Filtration centrifuges provide a good method for mechanically separating suspended solids from liquids. Separation in a centrifugal field generated by equipment rotating at high speed has a number of advantages compared to simple vacuum and pressure based techniques.
There are two types of filtration centrifuges: continuous and batch. Both types exploit the same separation principle. A solid-liquid mixture is introduced into a rotating basket where centrifugal force presses the product against the shell of the basket. A filter medium on the basket holds back the solids, while the liquid filtrate is ejected to the outside.
The cake which forms on the filter medium passes through a series of phases during the separation process. Once the cake has formed in the solid/liquid mixture, the point arrives when the liquid on the surface is completely immersed in the cake. The moisture is then removed from the fully saturated cake. If necessary, the cake can also be washed to remove contaminants. The level of residual moisture in the cake depends on the centrifugal force applied, cake thickness, residence time and the physical properties of the product. The cake is then removed from the basket using one of a number of techniques.
The time sequence differs in the two types of centrifuge. On batch centrifuges, loading, cake formation, centrifugal drying and cake removal take place at different times, whereas these steps occur simultaneously in a continuous machine.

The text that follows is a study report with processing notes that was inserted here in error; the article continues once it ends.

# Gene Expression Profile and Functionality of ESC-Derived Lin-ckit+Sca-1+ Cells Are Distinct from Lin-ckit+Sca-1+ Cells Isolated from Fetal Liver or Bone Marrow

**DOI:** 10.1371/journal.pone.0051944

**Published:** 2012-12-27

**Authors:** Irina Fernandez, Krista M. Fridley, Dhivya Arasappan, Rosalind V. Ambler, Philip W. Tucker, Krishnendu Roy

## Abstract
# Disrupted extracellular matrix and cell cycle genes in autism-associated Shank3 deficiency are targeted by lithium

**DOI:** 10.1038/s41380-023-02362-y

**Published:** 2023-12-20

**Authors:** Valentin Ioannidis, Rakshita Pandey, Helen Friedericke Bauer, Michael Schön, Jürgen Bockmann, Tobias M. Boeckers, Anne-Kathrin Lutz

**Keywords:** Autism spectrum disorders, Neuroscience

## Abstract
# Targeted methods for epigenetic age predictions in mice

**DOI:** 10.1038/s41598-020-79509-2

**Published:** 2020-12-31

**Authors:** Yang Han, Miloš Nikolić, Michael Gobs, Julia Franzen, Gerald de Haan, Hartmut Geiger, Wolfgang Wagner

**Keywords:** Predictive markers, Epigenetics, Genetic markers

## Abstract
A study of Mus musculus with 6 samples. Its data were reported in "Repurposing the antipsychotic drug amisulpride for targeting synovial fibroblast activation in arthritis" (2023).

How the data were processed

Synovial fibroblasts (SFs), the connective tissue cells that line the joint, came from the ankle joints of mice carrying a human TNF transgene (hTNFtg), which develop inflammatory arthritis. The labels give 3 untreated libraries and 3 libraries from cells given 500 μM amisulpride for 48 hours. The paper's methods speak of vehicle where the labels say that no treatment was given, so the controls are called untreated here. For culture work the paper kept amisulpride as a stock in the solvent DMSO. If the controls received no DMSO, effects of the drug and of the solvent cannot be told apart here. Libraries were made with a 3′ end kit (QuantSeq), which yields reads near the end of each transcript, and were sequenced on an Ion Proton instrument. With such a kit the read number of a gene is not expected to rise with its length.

The horizontal peeler centrifuge
Fig. 5 shows the principle of operation of a horizontal peeler centrifuge. Chronologically, this batch machine belongs to the first generation of centrifuges. The product is introduced into the feed distributor, and it is removed again with a blade when centrifugal drying is complete. The use of a rotary siphon is a process refinement to the peeler centrifuge principle (Fig. 4). A basket with a solid shell is used instead of a perforated basket. The filtrate does not pass directly through the filter medium and drum shell. Instead, the filtrate moves towards the rear end of the basket and is forced through holes into the siphon chamber which is outside the rear end of the basket. Because the liquid levels in the drum and siphon chamber are not the same, negative pressure builds up, which enhances centrifugal pressure and increases the filtration rate.